Storytelling is one of the few human traits that are truly universal across culture and through all of known history. Anthropologists find evidence of folktales everywhere in ancient cultures, written in Sanskrit, Latin, Greek, Chinese, Egyptian and Sumerian. People in societies of all types weave narratives, from oral storytellers in hunter-gatherer tribes to the millions of writers churning out books, television shows and movies. And when a characteristic behavior shows up in so many different societies, researchers pay attention: its roots may tell us something about our evolutionary past.
On Monday, Christians on Wall Street set up special prayer meetings for the week. First came the special prayer conference calls on Monday and Tuesday nights. Then, starting Wednesday, extraordinary prayer meetings were scheduled at Merrill Lynch, Goldman Sachs, JPMorgan Chase, Citigroup, Morgan Stanley, Deloitte, and elsewhere. Pastors began planning to gather for a sidewalk prayer meeting outside of the stock exchange.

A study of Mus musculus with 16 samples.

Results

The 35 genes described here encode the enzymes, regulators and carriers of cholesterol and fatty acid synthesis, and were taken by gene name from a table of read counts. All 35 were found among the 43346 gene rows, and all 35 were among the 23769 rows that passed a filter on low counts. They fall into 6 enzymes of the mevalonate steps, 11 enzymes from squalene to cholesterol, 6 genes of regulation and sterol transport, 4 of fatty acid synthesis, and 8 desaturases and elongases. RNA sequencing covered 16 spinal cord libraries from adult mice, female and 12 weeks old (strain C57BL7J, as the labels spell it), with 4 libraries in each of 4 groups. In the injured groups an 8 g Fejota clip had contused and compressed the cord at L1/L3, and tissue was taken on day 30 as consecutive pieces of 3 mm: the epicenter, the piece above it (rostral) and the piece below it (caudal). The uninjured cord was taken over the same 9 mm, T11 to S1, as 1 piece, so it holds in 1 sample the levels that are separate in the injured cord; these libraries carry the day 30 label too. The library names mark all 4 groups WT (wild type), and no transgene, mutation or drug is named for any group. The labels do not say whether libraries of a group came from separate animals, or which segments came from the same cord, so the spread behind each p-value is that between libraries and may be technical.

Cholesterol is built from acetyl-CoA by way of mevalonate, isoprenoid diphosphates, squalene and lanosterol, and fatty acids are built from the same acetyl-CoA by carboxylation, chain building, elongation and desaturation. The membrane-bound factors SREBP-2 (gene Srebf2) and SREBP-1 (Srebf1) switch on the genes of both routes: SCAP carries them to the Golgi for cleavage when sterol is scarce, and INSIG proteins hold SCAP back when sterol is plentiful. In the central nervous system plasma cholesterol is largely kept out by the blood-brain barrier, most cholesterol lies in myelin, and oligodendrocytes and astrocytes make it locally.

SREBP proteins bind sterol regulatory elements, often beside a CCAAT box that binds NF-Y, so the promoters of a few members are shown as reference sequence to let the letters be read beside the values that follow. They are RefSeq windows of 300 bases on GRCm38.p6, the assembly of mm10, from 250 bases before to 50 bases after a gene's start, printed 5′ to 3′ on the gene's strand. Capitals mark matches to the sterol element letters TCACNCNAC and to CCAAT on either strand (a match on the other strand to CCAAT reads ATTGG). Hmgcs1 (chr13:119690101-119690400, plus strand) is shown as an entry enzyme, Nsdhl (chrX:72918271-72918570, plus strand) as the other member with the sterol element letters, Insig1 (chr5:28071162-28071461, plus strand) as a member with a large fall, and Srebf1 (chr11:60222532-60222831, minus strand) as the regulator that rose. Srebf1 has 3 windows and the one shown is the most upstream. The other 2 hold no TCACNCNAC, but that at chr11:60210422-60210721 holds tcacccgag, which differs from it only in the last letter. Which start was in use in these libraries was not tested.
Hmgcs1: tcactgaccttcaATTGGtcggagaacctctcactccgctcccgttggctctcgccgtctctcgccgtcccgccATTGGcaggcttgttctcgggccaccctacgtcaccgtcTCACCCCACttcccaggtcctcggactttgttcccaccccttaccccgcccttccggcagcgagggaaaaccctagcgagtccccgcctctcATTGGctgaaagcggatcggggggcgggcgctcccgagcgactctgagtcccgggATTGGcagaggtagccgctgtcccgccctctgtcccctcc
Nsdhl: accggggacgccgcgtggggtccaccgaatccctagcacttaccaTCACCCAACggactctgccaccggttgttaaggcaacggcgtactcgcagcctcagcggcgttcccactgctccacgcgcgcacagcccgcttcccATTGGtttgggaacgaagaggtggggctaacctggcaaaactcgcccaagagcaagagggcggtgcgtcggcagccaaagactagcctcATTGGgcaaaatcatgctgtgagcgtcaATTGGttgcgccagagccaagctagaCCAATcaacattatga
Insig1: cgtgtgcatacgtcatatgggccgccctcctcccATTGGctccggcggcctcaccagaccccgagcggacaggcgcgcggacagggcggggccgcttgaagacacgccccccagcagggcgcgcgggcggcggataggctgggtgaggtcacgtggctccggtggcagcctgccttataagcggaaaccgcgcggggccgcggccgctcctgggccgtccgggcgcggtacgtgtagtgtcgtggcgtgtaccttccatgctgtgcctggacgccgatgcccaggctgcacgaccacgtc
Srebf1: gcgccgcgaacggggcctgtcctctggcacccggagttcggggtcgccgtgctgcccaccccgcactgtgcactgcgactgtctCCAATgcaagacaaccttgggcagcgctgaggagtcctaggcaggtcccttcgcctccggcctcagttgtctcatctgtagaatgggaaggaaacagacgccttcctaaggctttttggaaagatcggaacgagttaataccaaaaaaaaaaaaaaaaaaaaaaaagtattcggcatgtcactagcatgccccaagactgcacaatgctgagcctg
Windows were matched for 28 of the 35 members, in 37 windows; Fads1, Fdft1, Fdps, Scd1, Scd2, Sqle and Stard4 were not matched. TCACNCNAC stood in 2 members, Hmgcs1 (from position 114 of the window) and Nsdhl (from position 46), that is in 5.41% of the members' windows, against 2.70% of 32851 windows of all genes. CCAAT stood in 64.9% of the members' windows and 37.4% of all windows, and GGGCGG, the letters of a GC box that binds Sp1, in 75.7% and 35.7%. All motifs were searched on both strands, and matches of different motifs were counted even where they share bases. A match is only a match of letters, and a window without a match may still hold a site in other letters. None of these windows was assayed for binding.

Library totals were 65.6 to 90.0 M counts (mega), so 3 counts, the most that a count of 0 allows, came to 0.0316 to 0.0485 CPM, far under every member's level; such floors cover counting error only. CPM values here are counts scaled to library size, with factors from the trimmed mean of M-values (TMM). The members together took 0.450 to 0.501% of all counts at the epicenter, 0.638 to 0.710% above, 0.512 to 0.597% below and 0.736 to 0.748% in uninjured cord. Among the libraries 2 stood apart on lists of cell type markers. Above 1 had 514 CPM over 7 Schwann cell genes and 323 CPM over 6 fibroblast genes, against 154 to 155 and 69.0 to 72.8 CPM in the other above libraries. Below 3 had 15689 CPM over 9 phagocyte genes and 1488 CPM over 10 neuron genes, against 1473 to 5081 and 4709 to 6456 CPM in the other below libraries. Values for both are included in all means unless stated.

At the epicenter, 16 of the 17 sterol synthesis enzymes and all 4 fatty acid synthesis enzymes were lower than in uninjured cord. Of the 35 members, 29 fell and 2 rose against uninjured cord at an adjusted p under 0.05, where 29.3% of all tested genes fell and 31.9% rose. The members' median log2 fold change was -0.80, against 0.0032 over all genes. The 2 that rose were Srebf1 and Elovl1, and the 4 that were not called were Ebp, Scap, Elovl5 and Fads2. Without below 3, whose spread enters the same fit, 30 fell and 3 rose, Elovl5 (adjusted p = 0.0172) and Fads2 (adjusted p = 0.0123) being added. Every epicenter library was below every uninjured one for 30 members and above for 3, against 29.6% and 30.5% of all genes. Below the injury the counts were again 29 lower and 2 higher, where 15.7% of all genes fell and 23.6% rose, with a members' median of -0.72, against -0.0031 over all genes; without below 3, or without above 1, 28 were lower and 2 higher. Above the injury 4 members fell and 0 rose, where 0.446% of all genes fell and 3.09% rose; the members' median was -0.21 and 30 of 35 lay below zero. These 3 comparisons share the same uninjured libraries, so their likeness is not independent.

by John Holliger
Let’s grant that science and religion are not incompatible—there are after all some (though not many) excellent scientists, like Charles Townes and Francis Collins, who have strong religious beliefs. Still, I think that between science and religion there is, if not an incompatibility, at least what the philosopher Susan Haack has called a tension, that has been gradually weakening serious religious belief, especially in the West, where science has been most advanced.
The most curious thing about this parable [of the vineyard owner and his workers] for me is where we locate ourselves in line. The story sounds quite different from the end of the line, after all, than it does from the front of the line, but isn’t it interesting that 99 percent of us hear it from front row seats?